Presented by Schneider Electric

The drivers and benefits of edge computing

As bandwidth-intensive content, IoT, cloud computing architecture increase, computing power and storage is being inserted out on the network edge in order to lower data transport time and increase availability.

Edge computing brings bandwidth-intensive content and latency-sensitive applications closer to the user or data source.

This can solve latency challenges and enable companies to take better advantage of opportunities leveraging a cloud computing architecture.

Edge data centres bring bandwidth intensive content closer to the end user and latency-sensitive applications closer to the data.

Schneider Electric has released a white paper that explains the drivers of edge computing and explores the various types of edge computing available, including local devices, localized data centres, and regional data centres.

There are three primary applications of edge computing that the white paper discusses.

  1. A tool to gather massive information from local ‘things’ as an aggregation and control point.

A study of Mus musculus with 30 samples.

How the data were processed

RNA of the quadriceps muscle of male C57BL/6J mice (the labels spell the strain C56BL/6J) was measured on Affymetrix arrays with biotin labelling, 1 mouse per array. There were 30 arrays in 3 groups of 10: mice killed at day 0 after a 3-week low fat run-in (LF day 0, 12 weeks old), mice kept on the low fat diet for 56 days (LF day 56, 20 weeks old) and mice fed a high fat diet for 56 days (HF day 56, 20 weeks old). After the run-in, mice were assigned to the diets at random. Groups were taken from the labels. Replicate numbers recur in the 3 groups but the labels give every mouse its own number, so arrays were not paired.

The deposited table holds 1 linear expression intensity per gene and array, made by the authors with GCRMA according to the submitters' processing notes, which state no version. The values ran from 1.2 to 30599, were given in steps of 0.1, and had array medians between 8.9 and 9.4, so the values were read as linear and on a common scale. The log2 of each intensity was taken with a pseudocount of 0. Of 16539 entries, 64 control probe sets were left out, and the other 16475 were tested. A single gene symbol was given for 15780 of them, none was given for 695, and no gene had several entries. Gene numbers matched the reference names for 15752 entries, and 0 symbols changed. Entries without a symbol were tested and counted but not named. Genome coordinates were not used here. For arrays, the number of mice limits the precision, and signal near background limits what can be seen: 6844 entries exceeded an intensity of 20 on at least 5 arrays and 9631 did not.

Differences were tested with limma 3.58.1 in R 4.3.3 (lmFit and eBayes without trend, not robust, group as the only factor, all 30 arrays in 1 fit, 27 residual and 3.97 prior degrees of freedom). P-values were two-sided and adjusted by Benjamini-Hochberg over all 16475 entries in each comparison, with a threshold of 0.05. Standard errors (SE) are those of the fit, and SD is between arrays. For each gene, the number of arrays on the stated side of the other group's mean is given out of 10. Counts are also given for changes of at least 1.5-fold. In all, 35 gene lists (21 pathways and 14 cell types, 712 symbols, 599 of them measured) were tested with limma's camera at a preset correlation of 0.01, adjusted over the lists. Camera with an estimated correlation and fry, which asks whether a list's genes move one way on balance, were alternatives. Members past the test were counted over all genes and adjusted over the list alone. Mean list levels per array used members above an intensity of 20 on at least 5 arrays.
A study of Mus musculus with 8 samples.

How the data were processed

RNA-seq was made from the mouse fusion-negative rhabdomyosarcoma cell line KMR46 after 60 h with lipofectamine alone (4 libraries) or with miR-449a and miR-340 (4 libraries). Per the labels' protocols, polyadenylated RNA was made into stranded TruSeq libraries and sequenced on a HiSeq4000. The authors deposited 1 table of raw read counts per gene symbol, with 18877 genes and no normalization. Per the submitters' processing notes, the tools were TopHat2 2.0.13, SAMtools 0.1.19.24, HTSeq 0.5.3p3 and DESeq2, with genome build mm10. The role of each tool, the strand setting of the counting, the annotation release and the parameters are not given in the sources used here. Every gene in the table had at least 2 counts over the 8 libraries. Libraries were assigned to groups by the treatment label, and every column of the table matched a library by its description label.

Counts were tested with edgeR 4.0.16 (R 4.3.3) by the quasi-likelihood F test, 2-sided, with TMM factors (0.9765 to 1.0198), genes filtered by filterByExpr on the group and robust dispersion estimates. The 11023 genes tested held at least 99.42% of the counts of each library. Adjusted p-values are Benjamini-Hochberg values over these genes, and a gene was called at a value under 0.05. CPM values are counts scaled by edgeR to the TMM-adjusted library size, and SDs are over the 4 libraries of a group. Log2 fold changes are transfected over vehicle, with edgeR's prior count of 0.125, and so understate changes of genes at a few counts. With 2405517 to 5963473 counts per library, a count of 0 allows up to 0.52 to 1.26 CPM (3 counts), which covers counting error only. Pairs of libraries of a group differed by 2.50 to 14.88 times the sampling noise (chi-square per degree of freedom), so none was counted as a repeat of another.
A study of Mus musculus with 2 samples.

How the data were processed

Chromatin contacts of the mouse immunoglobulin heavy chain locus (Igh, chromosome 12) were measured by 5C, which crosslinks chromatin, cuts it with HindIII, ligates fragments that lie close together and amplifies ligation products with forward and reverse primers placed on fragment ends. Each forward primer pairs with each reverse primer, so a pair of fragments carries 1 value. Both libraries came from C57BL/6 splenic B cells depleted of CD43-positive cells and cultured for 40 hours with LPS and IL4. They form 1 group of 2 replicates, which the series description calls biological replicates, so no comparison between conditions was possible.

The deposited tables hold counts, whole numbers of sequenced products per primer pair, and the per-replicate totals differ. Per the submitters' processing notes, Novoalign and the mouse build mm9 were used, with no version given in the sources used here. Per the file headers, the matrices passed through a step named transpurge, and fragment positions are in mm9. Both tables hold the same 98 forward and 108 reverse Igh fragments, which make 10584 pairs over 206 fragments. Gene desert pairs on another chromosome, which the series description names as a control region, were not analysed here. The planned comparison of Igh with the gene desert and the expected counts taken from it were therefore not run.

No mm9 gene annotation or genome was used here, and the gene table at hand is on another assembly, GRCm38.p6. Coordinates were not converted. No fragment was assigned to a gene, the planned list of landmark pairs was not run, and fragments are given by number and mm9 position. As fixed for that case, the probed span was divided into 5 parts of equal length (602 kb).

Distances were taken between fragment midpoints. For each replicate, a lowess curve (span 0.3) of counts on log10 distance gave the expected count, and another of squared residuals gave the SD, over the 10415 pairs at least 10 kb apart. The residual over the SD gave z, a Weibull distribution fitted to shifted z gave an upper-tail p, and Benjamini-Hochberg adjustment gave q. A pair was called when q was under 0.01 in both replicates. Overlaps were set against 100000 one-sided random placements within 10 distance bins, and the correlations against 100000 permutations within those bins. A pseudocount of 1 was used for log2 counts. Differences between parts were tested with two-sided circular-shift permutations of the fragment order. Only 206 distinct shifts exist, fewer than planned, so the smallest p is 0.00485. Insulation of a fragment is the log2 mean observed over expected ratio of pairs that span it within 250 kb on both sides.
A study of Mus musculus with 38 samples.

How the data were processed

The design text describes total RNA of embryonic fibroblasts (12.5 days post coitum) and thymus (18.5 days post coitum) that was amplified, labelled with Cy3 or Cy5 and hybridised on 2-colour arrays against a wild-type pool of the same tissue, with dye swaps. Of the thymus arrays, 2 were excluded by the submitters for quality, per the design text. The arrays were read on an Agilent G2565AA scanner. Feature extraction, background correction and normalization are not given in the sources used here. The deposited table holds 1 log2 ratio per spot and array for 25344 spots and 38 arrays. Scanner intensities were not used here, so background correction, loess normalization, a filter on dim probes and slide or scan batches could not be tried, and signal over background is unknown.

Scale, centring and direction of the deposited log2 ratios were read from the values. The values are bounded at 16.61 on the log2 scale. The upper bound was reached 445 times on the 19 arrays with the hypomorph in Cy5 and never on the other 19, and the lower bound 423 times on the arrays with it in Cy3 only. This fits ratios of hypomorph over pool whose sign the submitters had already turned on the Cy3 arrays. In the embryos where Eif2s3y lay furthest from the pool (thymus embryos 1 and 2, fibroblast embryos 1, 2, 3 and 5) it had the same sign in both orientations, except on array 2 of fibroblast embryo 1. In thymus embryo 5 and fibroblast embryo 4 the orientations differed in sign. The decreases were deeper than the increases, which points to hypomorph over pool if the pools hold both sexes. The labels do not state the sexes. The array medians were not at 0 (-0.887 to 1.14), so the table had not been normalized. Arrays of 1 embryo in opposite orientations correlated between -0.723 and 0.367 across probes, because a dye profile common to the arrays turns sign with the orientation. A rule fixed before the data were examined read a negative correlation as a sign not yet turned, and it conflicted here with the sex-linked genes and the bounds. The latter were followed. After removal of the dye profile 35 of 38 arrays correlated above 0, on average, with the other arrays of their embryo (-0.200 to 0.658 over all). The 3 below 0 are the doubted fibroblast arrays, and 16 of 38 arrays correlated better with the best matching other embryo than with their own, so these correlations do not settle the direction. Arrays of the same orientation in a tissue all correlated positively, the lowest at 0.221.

2. A local storage and delivery provider of bandwidth-intensive content as part of a content distribution network.
  3. An on-premise application and process tool to replicate cloud services and isolate the data centre from the public cloud.

The type of edge computing that provides the deployment speed and capacity in-line with future IoT application demands are the localized 1-10 rack versions.

These provide significant processing and storage capabilities and can be designed and deployed quickly and easily with either configured-to-order or prefabricated variants.

For more information, download the white paper from the Schneider Electric website.

Edge Computing

This article was published in partnership with Schneider Electric.